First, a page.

Does Olivier Belot Really Think He’s the Next Yvon Lambert?
It’s official. Polarizing Yvon Lambert number two Olivier Belot is stepping out of the legendary art dealer’s shadow to start his own space. Named Until Then, Belot initiated the project with Mélanie Meffrer Rondeau and Alexa Brossard, two other former hands from the soon-to-shutter Yvon Lambert Gallery (see “Yvon Lambert’s Paris Gallery Shuts Down”). Meffrer Rondeau served as the gallery’s director for ten years before dipping out in 2012. Brossard has been an associate director at Lambert since 2010.
Unsurprisingly, some of the artists that the nascent gallery will represent are names long associated with Yvon Lambert’s rise: Douglas Gordon, David Claerbout, Jonathan Monk, Robert Barry, Diogo Pimentão, and Joan Jonas. A cluster of new represented artists will be revealed in January 2015, a press released informed.
What is, perhaps, more surprising is the location of the gallery: neither in the well-heeled area of Le Marais, where most blue-chip galleries hold court, nor in bohemian Belleville, where young, cutting-edge galleries reign supreme. Until Then has chosen to set quarters in the northern area of St. Ouen, almost the periphery for Parisian standards. “Yvon was the first to open in the Marais. That’s how areas are created, by trying a sideways step. […] Here you have to invent,” said the gallery team collectively of their choice of location.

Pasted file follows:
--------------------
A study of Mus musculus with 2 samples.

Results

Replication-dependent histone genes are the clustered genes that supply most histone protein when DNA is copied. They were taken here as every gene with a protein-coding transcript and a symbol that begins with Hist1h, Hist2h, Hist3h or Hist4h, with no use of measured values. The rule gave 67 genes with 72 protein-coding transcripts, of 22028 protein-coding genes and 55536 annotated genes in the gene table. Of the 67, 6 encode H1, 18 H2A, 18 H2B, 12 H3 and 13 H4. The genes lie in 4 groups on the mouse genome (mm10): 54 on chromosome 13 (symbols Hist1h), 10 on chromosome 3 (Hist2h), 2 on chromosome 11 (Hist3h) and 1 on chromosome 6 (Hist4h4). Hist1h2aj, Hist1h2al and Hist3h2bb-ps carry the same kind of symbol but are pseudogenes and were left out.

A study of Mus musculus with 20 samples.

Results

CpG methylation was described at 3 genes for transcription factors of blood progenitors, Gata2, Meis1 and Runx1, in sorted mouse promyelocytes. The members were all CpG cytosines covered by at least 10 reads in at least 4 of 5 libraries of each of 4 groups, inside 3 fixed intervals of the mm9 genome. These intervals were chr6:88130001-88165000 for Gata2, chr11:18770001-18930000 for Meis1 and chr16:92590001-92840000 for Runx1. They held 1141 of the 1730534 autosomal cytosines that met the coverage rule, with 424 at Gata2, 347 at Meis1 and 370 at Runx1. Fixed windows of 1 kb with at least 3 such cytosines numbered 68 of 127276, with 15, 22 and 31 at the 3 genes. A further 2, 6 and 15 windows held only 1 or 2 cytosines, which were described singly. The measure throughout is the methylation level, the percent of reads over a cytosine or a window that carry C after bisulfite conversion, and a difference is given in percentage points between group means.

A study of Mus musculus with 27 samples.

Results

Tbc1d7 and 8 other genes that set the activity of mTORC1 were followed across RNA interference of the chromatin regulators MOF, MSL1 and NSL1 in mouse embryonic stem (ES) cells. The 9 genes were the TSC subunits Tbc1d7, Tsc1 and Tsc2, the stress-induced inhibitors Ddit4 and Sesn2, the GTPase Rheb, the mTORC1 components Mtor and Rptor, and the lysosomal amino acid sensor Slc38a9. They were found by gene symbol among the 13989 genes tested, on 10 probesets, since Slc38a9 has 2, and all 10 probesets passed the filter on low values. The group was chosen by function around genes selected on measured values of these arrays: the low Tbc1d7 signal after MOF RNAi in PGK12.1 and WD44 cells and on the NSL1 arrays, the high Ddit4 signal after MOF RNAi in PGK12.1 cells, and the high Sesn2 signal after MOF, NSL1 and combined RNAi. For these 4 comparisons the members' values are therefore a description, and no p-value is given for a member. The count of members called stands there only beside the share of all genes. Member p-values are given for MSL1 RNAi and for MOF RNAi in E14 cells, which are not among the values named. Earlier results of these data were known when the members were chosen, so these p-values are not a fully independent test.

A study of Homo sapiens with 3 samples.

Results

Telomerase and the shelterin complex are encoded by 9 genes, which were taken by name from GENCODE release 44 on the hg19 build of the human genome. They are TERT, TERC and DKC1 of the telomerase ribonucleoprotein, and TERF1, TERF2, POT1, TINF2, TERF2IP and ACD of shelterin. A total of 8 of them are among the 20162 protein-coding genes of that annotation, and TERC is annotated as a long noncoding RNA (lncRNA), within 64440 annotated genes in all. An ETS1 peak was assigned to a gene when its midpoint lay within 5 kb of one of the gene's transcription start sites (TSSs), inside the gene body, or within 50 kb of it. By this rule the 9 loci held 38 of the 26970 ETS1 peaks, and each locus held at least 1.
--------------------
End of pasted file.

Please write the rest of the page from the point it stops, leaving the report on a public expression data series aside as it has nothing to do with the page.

Belot says that the Les Puces flea market in which the gallery will be located “is a real hub of Parisian life” and “frequented by foreigners who do not venture into the Marais,” which is, oddly, one of Paris’s peak tourist neighborhoods these days. Until Then will shake up the current gallery model: 40 of the gallery’s 500 square meters will be devoted to performance; it will only be open on Fridays, Saturdays, and Sundays; and it will only hold four or five exhibitions each year.
But, whether Belot himself can hack managing his own gallery, remains to be seen. When news of Yvon Lambert Gallery’s closing broke in July, France’s Libération placed a good deal of the blame on Belot for failing to adequately position Lambert’s gallery on the global stage. Moreover, multiple former employees of the gallery have reported a none-too-pleasant working relationship with the former number two and suggested that his management led to a higher-than-normal employee turnover at Lambert that could follow Belot to Until Then.